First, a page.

Bad weather isn’t just a pest for your staff, it can also cause disruption in other areas of your business too, for instance, taking down power lines and disrupting your electric supply. This could cause a disastrous downtime if you are in manufacturing or IT and are dependent on the electric.
But it could also mean if you are a “link” in a chain that your supply line will dry up because roads are blocked by ice or snow, or ferries have been stopped due to stormy seas – but how do your protect your business against this kind of “act of nature”?
It depends on what sort of business, and what kind of premises you have as to how much you can do to “weather-proof” your business, if you are reliant on your power and have the facility to install one, then a generator may help reduce the amount of down time you have to suffer, if this isn’t practical though, you can at least put UPS (un-interruptible power supplies) in which will give you enough power to save any work, or finish a phone call before you completely loose power.
If you own the area around your property, then it is worthwhile having a look around to make sure that any power lines that lead to your property are away from trees that could be brought down in high winds, thus reducing the chance for downtime.
Weather-proofing your supply line may not be so easy, but with some careful planning it is possible to limit the damage done to your supply chain. You can also monitor bad weather warnings, and ensure you have some surplus supplies to hand as a very basic measure – however some businesses simply don’t have the room for extra supplies.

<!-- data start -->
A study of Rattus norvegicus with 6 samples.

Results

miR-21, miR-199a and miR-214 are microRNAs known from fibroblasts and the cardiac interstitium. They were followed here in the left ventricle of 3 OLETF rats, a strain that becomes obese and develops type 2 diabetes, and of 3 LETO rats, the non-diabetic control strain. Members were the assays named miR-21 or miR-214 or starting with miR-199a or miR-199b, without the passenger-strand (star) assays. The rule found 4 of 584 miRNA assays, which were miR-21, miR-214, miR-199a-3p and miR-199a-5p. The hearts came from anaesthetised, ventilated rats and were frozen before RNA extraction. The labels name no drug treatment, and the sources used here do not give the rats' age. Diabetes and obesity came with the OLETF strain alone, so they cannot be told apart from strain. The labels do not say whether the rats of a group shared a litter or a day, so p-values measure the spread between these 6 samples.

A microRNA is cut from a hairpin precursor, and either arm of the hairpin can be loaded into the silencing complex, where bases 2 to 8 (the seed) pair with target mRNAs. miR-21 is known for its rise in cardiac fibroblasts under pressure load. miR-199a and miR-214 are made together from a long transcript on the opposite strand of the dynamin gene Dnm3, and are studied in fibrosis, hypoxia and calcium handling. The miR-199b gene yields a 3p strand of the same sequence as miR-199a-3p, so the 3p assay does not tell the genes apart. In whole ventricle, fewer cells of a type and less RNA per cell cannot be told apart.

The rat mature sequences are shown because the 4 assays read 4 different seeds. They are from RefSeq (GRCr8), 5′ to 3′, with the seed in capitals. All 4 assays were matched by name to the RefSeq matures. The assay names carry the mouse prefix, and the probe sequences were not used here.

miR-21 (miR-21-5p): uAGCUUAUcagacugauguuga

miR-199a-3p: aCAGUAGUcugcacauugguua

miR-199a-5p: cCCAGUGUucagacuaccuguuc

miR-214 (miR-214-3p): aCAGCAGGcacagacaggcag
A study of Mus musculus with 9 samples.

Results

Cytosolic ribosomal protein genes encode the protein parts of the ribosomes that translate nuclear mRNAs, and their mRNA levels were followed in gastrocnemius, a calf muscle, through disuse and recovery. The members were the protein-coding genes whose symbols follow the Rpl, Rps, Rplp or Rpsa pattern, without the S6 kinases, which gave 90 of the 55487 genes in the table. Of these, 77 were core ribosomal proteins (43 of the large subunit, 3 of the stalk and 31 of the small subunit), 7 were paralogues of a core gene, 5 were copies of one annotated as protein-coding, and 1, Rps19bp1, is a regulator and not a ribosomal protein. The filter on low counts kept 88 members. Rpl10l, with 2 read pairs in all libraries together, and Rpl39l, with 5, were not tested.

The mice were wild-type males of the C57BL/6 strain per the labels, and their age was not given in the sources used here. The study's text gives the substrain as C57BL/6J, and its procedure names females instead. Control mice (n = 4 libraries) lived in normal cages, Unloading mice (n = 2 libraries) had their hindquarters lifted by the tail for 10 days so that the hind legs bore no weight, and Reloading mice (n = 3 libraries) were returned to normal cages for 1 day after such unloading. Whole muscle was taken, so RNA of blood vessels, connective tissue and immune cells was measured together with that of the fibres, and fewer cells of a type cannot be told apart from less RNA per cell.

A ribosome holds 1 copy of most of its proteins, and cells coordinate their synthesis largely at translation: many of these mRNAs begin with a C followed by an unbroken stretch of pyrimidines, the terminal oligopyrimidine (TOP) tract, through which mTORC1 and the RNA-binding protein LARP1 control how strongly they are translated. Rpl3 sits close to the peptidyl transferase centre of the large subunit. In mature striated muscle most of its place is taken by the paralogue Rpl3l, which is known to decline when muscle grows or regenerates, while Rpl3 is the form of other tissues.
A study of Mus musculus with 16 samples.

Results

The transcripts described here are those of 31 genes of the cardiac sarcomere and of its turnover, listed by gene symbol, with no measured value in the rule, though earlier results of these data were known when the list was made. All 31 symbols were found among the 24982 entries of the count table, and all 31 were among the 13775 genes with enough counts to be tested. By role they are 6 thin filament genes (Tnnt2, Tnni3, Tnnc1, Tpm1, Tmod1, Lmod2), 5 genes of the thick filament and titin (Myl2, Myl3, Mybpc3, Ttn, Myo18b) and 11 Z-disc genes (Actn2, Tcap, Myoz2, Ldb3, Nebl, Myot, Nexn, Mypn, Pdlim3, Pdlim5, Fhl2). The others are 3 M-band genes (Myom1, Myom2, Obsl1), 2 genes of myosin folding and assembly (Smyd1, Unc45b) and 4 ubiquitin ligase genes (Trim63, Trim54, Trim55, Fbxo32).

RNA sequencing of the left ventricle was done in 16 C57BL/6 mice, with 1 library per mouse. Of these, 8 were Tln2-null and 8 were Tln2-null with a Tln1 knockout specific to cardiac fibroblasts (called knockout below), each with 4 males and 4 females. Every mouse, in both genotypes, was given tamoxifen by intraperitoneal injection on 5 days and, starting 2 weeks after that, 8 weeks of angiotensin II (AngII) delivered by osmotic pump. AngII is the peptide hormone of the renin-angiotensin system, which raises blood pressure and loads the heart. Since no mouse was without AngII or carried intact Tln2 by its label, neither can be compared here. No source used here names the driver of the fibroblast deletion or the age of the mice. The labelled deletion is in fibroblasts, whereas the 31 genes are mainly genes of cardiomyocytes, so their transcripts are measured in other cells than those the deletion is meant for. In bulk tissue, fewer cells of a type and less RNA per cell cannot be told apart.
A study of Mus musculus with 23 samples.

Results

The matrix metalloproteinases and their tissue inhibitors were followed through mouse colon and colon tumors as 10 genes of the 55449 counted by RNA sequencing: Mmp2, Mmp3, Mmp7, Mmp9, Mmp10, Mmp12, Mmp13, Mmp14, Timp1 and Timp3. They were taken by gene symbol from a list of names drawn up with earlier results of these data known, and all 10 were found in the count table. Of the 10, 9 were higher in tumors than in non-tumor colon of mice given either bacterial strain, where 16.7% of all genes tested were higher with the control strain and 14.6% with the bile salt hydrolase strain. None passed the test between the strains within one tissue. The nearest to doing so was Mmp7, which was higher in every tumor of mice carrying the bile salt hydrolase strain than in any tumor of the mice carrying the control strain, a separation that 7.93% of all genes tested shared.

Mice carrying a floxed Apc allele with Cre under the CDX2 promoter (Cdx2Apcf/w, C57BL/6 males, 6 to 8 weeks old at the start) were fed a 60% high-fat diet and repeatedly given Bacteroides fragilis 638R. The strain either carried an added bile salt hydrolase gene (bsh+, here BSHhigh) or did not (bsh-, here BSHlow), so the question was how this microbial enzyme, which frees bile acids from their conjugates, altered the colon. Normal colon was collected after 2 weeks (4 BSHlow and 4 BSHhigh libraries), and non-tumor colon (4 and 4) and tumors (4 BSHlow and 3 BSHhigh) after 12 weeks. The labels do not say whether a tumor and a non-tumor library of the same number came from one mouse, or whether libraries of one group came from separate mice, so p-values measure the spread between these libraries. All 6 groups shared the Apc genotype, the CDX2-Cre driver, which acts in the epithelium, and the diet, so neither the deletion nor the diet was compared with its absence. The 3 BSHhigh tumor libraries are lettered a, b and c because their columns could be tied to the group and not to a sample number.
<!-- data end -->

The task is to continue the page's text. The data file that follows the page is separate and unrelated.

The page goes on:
Talk to your suppliers; find out what their plan is for minimizing downtime during bad weather, check your insurance policy, does it cover you for down time that is beyond your control?
Some commercial insurance policies will, but you will need to make sure that yours does – when you are looking for an insurance broker it is worth talking to them and making sure they understand your business and any possible vulnerability so that your policy can be tweaked to be of most benefit to your circumstances.
It can also be helpful to make sure you know of several suppliers for key components so that if the worst should happen and your regular supplier has some downtime, you can order from elsewhere to avoid the knock on effect.